PowerShell is our newest and coolest command line shell and scripting language. It is built on the .Net Framework and introduces features that enable command-line users and script writers to leverage the power of that foundation. It introduces a number of powerful new concepts, but it enables you to reuse both the knowledge you have gained and the scripts you have created within the Windows Command Prompt and Windows Script Host environments.
There are over 130 standard commandlets ("cmdlets") for completing common system administration tasks such as working with the registry. Exchange 2007 was the first team that worked with PowerShell and created over 350 cmdlets to manage an Exchange 2007 environment. Other products like Operations Manager 2007, Virtual Machine Manager are also leveraging the power of PowerShell. PowerShell is a verb-noun based scripting language for example the help command is Get-Help.
With Vista now released we also introduced 13 new WMI providers like Bitlocker, TPM, IIS7, .... we are also able to query those WMI providers trough PowerShell. Lot's of customers ask us questions like do I have to learn .Net, I have a set of tools do I need to rewrite them? ...
Well the good news is that you don't need to learn .Net and you can still use your existing tools. It's really easy to start with PowerShell you can learn on your own pace and there is online help available. What I personally do like about this shell is that it's very easy to try a script out, you can actually execute line by line and then put it in a script. This was rather difficult with for example VBScript where you had to debug the script.
It's also easy to access your files and even registry from within the shell - "cd HKCU". With this simple command you just have access to the HKEY_CURRENT_USER hive in the registry.
There are some third parties that leverages the power of Powershell:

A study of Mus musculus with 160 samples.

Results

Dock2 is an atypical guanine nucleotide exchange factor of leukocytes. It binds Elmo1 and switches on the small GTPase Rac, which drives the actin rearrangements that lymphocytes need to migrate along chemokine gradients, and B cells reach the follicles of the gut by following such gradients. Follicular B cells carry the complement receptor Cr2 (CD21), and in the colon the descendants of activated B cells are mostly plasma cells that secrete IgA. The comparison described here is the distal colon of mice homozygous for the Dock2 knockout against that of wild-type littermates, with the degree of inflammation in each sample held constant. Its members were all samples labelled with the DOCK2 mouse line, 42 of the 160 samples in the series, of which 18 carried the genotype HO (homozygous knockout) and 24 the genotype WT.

NetCmdlets PowerGadgets (tutorial for IT Pro's)
PowerGadgets (tutorial for IT Pro's)
And I am sure that there are many other tools available today.
Channel 9 tag: http://channel9.msdn.com/tags/Monad Team blog: http://blogs.msdn.com/PowerShell/O Mark van Orsouw’s blog: http://thepowershellguy.com Arul Kumaravel's Blog: http://blogs.msdn.com/arulk Lee Holmes' Blog: http://www.leeholmes.com/blog Abhishek Agrawal’s Blog: http://abhishek225.spaces.msn.com/PersonalSpace.aspx MshAnalyzer tool: http://www.karlprosser.com/coder/?cat=8
Channel 9 tag: http://channel9.msdn.com/tags/Monad
Team blog: http://blogs.msdn.com/PowerShell/O
Mark van Orsouw’s blog: http://thepowershellguy.com
Arul Kumaravel's Blog: http://blogs.msdn.com/arulk
Lee Holmes' Blog: http://www.leeholmes.com/blog
Abhishek Agrawal’s Blog: http://abhishek225.spaces.msn.com/PersonalSpace.aspx
MshAnalyzer tool: http://www.karlprosser.com/coder/?cat=8
I can't share a lot of information with you about how PowerShell and Longhorn server will work together but as soon as I know I will post it onto this blog.
By the way there are two PowerShell sessions planned during the Dev & IT Pro Days 2007 - Bruce Payette will deliver them.
I have a little comment about your post. The right command to be able to browse the registry is "cd HKCU:" (without quotes). You must put : after HKCU.
There are meny other Drives, like the certificate store, another drive for functions and variables avaliable in the shell, Sharepoint (under development on CodePlex), and so on...
Congratulations for your blog!
Brazilian Scripting MVP
Bach. Ciencias da Computação - USP S. Carlos
Scripting blog: http://viniciuscanto.blogspot.com
Thanks for pointing that out it's indeed cd HKCU: without quotes, I will change that on the post.
Maybe you should mentionned that it's not a new feature for Longhorn as this shell is already available for Windows XP, Windows Server 2003 and Windows Vista. Then, why is this a reason to look at Longhorn if it's already available... ? I guess they will integrate more cmdlet concerning Longhorn management but it's not mentionned in your blog if that's the case.
That could indeed be the case but I don't have any details that I can share right now. But as soon as I can I will share details.
Just wanted to make a point that PowerShell will be important in Longhorn.
Well, what I believe is if you are going to install Longhorn core, best way it can be managed is, by using command line and command line's best tool is powershell. So more familiar you get with powershell, more easilu,you will able to manage longhorn-Core, and if hypervisor also comes in it, then powershell would be best way to work on VM mgmt, Of course it would require addition of lots CMDlets.
You are right PowerShell is the shell and scripting tool to manage your environment unfortunately PowerShell will not run on a server core box. Because server core doesn't have the CLR (no .NET) we cannot support PowerShell. We cannot add the CLR because everything else would be added if we did that.
We are working with the CLR team to make this more modular and to be able in the future (don't know when) to have PowerShell as the shell in server core.
However PowerShell can be used to manage VM environment.